News Maker - FLORIDA
FLORIDA: On June 27th Florida Governor Rick Scott signed HB 85 adding Florida to the growing list of states with a fair set of laws to facilitate public-private partnerships (P3s). P3s transfer responsibility for certain public projects to private companies, enabling the state to utilize public funds for other purposes while still moving forward with needed construction and improvements. P3 legislation typically, and in this case, includes requirements for payment bond protection on projects that meet the state's public construction thresholds.
Qualifying projects under HB 85 include:
A facility or project that serves a public purpose, including: facilities for mass transit, medical or nursing care facilities, recreation, sports and culture facilities, education projects, oil or gas pipelines or any other public facility or infrastructure to be used by the public at largeImprovements to a building that will be principally used by a public entity or the public at large, or that supports a service delivery system in the public sectorWater, wastewater, or surface water management facilities or other related infrastructure.
The facility – upon completion – will be owned by the public entity that procured the bid.
According to the bill's summary: Public-private Partnerships; Authorizing certain public entities to contract for public service works with not-for-profit organizations; providing legislative findings and intent relating to the construction or improvement by private entities of facilities used predominantly for a public purpose; authorizing counties to enter into public-private partnership agreements for construction of roads under certain circumstances, etc became effective 7/1/13.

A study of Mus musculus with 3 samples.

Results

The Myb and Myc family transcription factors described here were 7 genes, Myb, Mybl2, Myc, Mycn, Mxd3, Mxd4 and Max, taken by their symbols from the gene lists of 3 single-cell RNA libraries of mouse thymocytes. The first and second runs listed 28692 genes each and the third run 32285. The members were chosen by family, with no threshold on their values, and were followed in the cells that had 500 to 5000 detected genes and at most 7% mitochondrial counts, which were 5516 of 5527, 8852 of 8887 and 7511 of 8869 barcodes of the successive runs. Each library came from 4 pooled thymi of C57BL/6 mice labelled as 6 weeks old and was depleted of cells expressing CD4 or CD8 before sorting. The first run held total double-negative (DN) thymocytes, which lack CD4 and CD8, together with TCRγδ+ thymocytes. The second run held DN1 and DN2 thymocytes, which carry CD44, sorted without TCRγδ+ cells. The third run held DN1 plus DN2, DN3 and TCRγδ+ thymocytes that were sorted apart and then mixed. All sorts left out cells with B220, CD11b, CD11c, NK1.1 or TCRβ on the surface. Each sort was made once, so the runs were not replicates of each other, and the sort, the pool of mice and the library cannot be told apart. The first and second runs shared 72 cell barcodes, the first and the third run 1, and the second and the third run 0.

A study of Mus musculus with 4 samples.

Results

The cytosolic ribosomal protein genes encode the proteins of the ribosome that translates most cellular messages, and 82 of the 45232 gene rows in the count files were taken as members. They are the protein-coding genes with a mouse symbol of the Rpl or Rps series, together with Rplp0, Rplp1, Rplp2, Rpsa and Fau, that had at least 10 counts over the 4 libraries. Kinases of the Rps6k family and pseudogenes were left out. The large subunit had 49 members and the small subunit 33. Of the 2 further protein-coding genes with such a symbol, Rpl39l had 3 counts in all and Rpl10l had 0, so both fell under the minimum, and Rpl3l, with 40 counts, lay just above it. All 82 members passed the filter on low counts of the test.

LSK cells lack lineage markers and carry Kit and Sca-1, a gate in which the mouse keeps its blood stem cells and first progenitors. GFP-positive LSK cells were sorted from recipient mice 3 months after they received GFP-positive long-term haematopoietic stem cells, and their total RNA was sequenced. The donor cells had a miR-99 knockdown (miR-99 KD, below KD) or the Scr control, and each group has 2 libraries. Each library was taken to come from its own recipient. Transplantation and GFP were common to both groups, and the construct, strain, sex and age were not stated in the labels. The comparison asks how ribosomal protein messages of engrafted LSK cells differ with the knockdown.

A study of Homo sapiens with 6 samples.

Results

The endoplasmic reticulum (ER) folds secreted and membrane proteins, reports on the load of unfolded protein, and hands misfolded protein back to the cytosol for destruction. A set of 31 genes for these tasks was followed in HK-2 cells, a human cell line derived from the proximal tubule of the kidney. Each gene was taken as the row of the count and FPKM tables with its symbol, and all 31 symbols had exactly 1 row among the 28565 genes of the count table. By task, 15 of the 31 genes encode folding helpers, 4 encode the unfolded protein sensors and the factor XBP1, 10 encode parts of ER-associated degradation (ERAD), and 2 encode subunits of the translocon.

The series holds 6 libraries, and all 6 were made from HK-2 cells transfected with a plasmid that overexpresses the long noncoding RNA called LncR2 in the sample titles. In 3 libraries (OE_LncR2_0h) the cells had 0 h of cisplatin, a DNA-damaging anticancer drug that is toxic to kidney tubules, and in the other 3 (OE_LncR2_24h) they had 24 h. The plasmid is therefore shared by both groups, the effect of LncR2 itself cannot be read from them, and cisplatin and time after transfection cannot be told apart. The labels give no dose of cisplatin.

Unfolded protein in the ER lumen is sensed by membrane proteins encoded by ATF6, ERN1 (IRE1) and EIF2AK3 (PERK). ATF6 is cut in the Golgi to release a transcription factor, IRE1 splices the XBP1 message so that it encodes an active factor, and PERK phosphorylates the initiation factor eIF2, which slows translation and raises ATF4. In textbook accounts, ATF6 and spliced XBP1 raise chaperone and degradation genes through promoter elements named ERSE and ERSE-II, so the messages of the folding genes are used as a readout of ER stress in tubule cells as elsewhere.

The bonding requirements under the new law follow Florida 255.05: Bond of contractor constructing public buildings; form; action by claimants.
Under the new law when the work is done in a P3 environment and the contract is for $100,000 or less, no payment and performance bond shall be required. At the discretion of the official or board awarding such contract when such work is done for any county, city, political subdivision, or public authority, a person entering into such a contract that is for $200,000 or less may be exempted from executing the payment and performance bond. When such work is done for the state, the Secretary of Management Services may delegate to state agencies the authority to exempt any person entering into such a contract amounting to more than $100,000 but less than $200,000 from executing the payment and performance bond. If an exemption is granted, the officer or official is not personally liable to persons suffering loss because of granting such exemption. The Department of Management Services shall maintain information on the number of requests by state agencies for delegation of authority to waive the bond requirements by agency and project number and whether any request for delegation was denied and the justification for the denial.